Schwaebische Maultaschen

Schwaebische Maultaschen
Maultaschen are pockets of noodle dough similar to ravioli that are stuffed with various fillings such as spinach, meat or cheese. This recipe is from the Baden-Wuerttemberg region of Germany.
Course Appetizers, Entree
Cuisine Baden Wuerttemberg
Keyword Lent
Region Baden-Wuerttemberg


  • 2-3/4 cups all-purpose flour
  • 1 pinch salt
  • 5 eggs
  • 9 ounces raw spinach
  • 10 ounces ground beef cooked
  • 1 egg
  • 2 tablespoons chopped parsley
  • 1 tablespoon bread crumbs
  • 1 chopped onion
  • salt and pepper
  • nutmeg
  • 1 egg white
  • 5 onions
  • 1-1/2 ounces butter


  • Mix the flour, salt, 5 eggs and a little water (teaspoon by teaspoon) into a dough. Knead well until smooth using the dough attachment of an electric mixer. Wrap the dough in plastic wrap and allow to stand in a cool place for one hour.
  • Roll the dough on a floured surface to the thickness of a knife blade and allow to dry.
  • Blanch the spinach, chop finely and mix together with the ground beef, egg, parsley,bread crumbs and chopped onion. Season with salt, pepper and nutmeg.
  • Cut the dough into 4 x 4 inch squares. Brush the edges with beaten egg whites. Divide the meat and spinach mixture between the dough squares and fold them into triangles, pressing the edges together to seal them.
  • Place the Maultaschen into simmering water and boil until they float to the surface. Remove them with a slotted spoon and drain.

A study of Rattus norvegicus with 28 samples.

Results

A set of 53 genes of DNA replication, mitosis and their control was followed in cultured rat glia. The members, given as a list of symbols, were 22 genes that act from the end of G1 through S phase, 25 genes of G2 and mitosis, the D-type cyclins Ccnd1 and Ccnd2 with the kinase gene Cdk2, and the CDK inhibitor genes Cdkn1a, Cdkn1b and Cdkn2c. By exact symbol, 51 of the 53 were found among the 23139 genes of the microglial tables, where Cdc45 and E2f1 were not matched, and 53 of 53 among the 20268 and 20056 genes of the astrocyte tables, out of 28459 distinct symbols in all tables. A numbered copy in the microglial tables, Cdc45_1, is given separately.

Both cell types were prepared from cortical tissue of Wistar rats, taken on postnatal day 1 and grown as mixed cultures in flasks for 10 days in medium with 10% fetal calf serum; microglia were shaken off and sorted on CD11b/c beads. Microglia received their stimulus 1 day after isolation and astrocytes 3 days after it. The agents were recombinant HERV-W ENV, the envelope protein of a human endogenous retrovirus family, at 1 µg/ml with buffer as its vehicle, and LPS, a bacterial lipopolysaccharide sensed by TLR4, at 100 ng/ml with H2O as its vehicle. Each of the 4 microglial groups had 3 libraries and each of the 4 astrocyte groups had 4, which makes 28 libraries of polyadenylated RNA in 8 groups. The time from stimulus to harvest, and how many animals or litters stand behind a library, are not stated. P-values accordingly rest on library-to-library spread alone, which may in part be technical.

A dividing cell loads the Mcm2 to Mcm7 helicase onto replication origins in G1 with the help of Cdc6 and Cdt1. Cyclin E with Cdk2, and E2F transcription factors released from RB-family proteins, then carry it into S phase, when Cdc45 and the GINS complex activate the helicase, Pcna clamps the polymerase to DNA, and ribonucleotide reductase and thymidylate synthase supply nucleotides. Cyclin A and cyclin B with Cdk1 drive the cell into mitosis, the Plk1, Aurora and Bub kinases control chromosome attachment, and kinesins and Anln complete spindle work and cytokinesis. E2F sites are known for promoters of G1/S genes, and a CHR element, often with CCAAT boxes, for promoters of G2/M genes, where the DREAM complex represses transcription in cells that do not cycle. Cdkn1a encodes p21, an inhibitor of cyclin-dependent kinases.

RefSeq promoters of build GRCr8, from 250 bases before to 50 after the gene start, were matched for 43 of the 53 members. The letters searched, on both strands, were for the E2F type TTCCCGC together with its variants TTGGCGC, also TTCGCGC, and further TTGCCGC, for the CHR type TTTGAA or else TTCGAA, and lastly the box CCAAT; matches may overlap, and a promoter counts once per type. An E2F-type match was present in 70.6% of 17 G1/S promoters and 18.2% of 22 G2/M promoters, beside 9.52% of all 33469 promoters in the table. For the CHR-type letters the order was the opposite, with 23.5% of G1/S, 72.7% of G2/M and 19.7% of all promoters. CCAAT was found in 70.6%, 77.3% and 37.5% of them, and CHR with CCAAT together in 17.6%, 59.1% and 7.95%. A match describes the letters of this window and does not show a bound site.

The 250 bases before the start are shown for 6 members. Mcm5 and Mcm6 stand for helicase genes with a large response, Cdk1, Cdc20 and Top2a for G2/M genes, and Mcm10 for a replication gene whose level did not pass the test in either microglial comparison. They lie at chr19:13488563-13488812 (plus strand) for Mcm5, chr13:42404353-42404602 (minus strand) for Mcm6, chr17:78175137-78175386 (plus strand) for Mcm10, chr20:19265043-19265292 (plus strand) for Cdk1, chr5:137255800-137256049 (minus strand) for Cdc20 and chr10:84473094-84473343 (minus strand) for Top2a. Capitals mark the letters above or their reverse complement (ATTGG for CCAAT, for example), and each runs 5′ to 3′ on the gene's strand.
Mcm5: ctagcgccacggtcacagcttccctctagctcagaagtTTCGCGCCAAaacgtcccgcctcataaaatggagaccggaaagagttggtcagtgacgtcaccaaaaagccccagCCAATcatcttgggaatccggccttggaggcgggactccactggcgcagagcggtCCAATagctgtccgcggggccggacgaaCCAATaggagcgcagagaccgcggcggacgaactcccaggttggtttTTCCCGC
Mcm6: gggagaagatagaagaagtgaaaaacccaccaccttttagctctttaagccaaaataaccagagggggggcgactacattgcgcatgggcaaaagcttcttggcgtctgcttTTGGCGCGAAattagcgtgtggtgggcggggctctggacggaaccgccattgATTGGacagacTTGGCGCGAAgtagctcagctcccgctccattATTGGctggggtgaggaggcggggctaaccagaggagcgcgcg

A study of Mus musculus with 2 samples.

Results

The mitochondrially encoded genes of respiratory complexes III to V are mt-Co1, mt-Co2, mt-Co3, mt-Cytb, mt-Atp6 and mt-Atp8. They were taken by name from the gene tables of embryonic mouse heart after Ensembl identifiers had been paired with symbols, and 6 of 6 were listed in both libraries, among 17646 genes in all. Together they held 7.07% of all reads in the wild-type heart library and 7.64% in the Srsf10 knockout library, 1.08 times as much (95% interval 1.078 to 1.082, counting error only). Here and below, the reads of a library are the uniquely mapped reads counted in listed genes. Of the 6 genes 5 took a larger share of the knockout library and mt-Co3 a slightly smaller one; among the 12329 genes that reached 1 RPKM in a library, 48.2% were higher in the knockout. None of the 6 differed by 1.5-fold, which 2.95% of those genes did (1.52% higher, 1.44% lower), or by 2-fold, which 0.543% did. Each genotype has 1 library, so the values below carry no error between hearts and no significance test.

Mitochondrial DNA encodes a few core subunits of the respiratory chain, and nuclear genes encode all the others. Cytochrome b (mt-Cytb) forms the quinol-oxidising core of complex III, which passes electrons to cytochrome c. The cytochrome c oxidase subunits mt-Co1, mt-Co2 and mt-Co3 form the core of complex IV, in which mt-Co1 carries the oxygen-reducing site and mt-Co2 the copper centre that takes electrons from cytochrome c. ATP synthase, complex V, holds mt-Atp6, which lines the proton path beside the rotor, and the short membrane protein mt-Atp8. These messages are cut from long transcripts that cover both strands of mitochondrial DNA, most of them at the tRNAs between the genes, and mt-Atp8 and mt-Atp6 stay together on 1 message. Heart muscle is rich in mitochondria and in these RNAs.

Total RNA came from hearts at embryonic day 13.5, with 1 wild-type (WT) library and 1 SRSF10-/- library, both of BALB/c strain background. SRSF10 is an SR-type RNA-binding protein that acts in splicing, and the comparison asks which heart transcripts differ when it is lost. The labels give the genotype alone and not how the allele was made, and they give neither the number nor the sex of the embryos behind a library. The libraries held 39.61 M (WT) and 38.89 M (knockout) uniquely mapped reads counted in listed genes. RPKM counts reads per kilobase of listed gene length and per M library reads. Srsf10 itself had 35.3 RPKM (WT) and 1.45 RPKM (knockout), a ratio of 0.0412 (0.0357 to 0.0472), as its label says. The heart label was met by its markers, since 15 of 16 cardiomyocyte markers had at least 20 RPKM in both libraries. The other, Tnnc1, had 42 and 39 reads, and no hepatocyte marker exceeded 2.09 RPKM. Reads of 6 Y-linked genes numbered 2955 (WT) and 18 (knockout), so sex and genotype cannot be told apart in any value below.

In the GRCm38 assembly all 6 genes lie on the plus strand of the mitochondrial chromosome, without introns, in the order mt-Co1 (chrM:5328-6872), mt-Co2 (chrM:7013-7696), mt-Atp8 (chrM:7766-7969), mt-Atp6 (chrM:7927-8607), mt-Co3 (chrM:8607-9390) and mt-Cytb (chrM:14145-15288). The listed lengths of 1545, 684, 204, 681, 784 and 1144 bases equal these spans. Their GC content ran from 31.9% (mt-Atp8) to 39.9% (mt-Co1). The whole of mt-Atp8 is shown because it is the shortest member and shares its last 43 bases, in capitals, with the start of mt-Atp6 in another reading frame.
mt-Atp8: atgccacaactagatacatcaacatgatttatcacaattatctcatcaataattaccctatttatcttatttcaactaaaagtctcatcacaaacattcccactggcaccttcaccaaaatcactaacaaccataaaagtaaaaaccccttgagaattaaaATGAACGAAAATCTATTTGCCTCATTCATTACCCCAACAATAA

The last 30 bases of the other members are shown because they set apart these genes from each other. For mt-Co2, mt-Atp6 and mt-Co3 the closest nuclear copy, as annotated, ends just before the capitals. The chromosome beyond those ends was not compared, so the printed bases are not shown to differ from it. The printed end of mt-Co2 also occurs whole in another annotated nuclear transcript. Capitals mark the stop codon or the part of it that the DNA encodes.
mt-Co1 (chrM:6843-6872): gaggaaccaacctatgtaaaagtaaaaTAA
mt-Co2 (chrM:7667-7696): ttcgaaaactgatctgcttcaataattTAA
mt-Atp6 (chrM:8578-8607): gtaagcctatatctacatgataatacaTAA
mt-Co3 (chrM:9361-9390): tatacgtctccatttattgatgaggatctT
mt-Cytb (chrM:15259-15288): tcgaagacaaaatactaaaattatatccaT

• Cut the 5 onions into rings and fry in butter until golden brown. Place the Maultaschen on warmed plates and sprinkle the onions on top.


Legend has it that about 200 years ago, monks at a monastery in Maulbronn in the German state of Baden-Württemberg conceived a specialty known as Maultaschen, something like the Italian ravioli. They mixed meat with herbs and spinach and hid it inside a little dough pocket (Tasche). The clever, meat-loving monks thus avoided the strict Lent observance. This tale may account for the Swabian nickname Herrgottsbescheißerle which, roughly translated, means “Little Cheaters on God”.
Wherever the name comes from, Maultaschen are a favorite Swabian culinary treat According to European Union law, the word Maultaschen is protected under a Protected Destination of Origin or PDO indication. This means that Schwäbische Maultaschen can only be labeled as such if they genuinely originate in Swabia, Baden-Württemberg or the Swabian speaking area of Bavaria. Like Italian ravioli, Maultaschen can be made with all sorts of fillings, both savory and sweet.